A new report by Cardlytics has found that consumers are being driven towards discount brands and secondhand marketplaces as the cost-of-living crisis continues to take a toll on UK spending.
According to the advertising platform’s State of Retail Spend report, over half of consumers are planning to shop at discount homeware and fashion brands this year, while there was also a significant increase in shoppers turning to secondhand marketplaces.
Discount retailers had seen the largest increase in spend over the first half of 2022, up 12 percent from 2021.
Meanwhile, secondhand platforms also experienced an uptick of seven percent in spend, with the average number of transactions made on relevant platforms rising six percent.
Next to the increase in purchasing, both sectors have also seen a rise in the amount spent per person.
Cardlytics said that in 2022 customers are spending around 207.63 pounds on secondhand marketplaces, a significant 482 percent rise compared to the 2019 average, 35.67 pounds.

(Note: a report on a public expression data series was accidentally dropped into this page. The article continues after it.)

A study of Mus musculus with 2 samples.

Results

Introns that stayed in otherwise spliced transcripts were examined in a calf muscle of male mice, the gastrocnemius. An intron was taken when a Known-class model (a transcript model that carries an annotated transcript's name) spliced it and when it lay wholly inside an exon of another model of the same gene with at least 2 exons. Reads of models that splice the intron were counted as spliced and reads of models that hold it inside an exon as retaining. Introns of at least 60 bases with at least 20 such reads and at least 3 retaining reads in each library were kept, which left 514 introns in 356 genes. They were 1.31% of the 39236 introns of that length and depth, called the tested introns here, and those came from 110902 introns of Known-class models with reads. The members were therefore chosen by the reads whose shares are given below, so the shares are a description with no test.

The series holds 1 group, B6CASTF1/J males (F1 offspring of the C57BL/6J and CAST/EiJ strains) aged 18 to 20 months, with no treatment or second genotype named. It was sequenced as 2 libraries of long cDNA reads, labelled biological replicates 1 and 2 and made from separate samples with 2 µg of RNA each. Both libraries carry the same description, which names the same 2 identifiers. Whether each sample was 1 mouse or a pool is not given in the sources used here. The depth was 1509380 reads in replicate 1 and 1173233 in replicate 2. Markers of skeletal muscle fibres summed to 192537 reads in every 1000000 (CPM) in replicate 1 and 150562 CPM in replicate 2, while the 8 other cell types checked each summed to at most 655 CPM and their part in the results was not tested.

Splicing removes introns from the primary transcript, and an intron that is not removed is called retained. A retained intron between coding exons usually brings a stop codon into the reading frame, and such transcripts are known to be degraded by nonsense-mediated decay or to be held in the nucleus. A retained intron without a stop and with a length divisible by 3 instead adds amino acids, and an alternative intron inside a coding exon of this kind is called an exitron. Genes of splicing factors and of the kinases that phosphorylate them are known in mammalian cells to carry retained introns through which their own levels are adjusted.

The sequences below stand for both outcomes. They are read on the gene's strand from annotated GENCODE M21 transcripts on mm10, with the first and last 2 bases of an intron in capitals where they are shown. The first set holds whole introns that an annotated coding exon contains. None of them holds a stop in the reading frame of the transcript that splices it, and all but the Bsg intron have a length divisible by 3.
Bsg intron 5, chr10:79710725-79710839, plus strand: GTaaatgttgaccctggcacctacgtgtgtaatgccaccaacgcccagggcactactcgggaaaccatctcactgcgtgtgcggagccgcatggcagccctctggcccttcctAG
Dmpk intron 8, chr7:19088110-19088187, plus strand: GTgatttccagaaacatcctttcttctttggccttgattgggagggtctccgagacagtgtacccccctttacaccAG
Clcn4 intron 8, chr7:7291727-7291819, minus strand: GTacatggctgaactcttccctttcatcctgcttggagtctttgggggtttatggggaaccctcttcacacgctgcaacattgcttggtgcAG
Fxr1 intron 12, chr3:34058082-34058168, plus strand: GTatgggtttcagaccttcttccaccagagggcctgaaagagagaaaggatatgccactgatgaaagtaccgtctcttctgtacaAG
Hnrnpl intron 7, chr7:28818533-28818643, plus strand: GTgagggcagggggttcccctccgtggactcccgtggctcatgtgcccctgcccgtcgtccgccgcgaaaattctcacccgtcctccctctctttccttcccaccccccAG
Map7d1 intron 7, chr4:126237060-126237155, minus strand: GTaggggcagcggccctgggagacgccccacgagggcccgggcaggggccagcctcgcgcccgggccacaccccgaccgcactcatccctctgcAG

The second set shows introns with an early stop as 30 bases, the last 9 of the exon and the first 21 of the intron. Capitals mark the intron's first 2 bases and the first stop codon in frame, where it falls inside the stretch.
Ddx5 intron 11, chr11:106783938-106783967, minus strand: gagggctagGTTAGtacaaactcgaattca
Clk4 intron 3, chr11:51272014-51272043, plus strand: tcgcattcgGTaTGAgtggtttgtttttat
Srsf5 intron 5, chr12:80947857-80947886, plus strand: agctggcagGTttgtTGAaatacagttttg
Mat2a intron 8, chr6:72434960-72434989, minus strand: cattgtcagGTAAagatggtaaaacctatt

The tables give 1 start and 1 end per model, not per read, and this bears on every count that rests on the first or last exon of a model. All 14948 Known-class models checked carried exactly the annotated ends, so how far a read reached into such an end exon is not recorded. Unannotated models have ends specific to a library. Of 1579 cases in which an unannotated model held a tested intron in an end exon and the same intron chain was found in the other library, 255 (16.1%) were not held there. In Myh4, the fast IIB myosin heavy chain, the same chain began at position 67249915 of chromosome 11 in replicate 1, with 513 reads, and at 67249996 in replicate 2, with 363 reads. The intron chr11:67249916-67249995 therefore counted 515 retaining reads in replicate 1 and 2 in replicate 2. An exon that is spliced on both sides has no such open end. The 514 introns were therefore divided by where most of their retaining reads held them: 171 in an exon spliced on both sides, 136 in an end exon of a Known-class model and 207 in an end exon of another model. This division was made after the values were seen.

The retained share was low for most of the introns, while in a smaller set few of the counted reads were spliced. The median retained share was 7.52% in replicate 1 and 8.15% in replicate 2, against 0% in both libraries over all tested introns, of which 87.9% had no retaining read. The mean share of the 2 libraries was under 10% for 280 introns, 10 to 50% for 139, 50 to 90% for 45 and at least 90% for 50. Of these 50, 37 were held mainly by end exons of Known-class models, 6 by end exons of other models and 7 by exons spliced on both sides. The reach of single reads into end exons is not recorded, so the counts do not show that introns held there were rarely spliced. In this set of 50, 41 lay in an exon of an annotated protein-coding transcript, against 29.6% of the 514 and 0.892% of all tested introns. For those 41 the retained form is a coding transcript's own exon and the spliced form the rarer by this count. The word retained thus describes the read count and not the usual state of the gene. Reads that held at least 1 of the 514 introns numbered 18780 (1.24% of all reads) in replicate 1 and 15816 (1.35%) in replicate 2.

The report stated that this trend was likely to continue as prices rise and customers become more aware of the environmental impact their purchasing has.
Retailers must invest in supporting consumers long-term
Shoppers were also found to be favouring high street brands over designer labels, with the latter seeing spending fall by seven percent in the first six months of this year.
The number of transactions also dropped at luxury brands by 10 percent in the same period.
Around 60 percent of consumers stated they were planning to spend less on luxury goods this year, while 48 percent said they were looking to switch to cheaper brands.
Despite the ongoing crisis, high street retailers were said to be benefiting from this move away from designer brands, with spending and transactions at high street fashions brands up 11 percent.
In a release for the report, Dawn Reid, VP advertising partnerships at Cardlytics, said: “There's an opportunity for retailers to invest now, to support consumers longer term, whether through investing in price and discount ranges, value-focused marketing, or loyalty schemes, brands can put money back into their loyal customers' wallets and help build longer term brand affinity.
“Those brands that can grow and retain their customer base now, when times are tough, will be most likely to succeed in future.”